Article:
Troy Davis and the Reality of Doubt

By moving ahead with Davis's execution, Georgia's justice system is signaling that it cares little for either evidence or experts


A protester prays with others during a vigil outside the Georgia Board of Pardons and Paroles while a clemency hearing for death row inmate of Troy Davis goes on inside / Reuters

"Whether the trial witnesses against [Troy Davis] were lying then or are lying now, by fighting against his requested relief Georgia is saying that its interest in the finality of its capital judgments is more important than the accuracy of its capital verdicts."

Andrew Cohen, who has served as chief legal analyst and legal editor for CBS News, wrote those words regarding death row inmate Troy Davis on yesterday. They come near the end of a vitally important essay in which Cohen spells out "how far we have to go toward fair and accurate capital punishment in America." I read them over and over, because as a person who has been advocating for Davis's clemency bid, they struck me as frighteningly true.

This morning, Mr. Cohen's analysis was proven accurate: Georgia's State Board of Pardons and Paroles announced that it is denying Davis clemency. He is to be executed by lethal injection tomorrow for the 1989 murder of off-duty police officer Mark MacPhail.

It doesn't take a legal expert to look at the public record and see that there is nothing approaching "beyond a reasonable doubt" here. But a long list of legal experts have, in fact, come forward to say that the case against Troy Davis is far too thin to support the death penalty. The list includes about 1,500 names, ranging from Andrew Cohen to former state Supreme Court justices to author and capital punishment expert Scott Turow. All of these authorities are in agreement that there is simply not enough there to justify killing a man. 

The entire case against Davis is based on eyewitness testimony -- and seven out of nine eyewitnesses have either recanted or changed their testimonies. Several have testified that they were coerced by police, and one of the remaining two witnesses (Sylvester "Redd" Coles) has been implicated as the real shooter. (Indeed, according to numerous affidavits, Coles has publicly boasted of getting away with the murder.) There is no physical evidence tying Davis to the crime. Just the word of people who have since said that they were frightened into lying.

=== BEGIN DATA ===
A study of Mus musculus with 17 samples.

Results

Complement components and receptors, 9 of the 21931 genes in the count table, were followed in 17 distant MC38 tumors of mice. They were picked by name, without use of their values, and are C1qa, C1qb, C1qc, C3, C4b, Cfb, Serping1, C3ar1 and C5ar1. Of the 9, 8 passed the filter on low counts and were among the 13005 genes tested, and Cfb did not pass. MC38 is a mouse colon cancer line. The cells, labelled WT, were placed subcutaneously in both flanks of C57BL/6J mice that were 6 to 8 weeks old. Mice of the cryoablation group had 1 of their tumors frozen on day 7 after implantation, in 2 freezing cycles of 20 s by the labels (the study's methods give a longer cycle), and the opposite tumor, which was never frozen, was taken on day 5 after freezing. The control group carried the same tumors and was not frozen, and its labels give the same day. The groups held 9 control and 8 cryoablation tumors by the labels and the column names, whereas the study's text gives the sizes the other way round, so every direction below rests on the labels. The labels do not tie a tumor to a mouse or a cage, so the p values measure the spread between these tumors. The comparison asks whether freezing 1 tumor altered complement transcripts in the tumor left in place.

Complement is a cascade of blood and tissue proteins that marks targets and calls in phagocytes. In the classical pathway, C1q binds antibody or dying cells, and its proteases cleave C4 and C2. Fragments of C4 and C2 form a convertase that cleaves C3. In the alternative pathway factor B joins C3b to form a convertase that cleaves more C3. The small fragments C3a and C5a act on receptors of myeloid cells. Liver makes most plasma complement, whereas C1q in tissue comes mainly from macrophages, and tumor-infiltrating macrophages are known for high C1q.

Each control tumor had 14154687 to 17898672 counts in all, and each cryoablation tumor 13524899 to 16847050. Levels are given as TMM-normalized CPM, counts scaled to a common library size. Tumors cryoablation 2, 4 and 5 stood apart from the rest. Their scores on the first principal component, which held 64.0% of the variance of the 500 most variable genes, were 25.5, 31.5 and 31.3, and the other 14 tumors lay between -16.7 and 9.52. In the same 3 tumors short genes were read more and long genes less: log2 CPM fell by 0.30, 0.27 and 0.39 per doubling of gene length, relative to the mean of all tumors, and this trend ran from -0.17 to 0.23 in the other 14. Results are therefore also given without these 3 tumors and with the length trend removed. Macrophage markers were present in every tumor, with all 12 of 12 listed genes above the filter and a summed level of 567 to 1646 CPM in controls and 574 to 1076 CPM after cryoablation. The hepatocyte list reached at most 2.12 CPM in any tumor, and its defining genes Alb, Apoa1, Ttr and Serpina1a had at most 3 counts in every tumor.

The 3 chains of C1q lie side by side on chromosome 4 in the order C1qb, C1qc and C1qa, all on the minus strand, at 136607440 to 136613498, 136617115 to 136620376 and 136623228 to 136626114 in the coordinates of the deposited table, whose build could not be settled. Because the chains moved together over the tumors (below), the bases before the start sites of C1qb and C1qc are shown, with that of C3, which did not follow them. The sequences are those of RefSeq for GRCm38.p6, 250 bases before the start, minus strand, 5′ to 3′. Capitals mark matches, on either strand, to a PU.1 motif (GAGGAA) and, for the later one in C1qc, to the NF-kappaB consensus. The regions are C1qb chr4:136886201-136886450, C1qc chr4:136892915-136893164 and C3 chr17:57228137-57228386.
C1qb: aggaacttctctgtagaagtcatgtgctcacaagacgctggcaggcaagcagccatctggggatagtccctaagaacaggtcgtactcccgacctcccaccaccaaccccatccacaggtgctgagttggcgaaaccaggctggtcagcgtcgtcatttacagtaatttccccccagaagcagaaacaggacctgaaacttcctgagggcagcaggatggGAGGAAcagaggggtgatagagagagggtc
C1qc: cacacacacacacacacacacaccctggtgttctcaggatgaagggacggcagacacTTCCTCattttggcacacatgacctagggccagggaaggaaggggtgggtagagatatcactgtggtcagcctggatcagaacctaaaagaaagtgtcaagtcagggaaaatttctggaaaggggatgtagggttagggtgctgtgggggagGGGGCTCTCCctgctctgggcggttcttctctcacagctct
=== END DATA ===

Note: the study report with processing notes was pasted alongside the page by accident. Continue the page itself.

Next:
The notion that those engaged with this nation's justice system would allow Troy Davis to be killed under these circumstances fills many of us with a kind of shame that we have never before felt. I do not know how I will explain this to my children, to say, "This is what justice looks like in your country."

There is still one more chance: Amnesty International is calling on Larry Chisholm, the district attorney of Georgia's Chatham County, to seek a withdrawal of the death warrant and support clemency, and if Chisholm does so, Davis may yet live. Not walk free. Not make up for years lost. Not build a family and get a job and gather a pension as his years wind down -- just live. In prison. For the rest of his life. But he would be alive. And where there is life, there is hope. Hope not only for Davis, but for us, as a country.

If, on the other hand, we really are a country that would rather kill potentially innocent people than accept the reality of doubt, I'm not sure we have much hope left.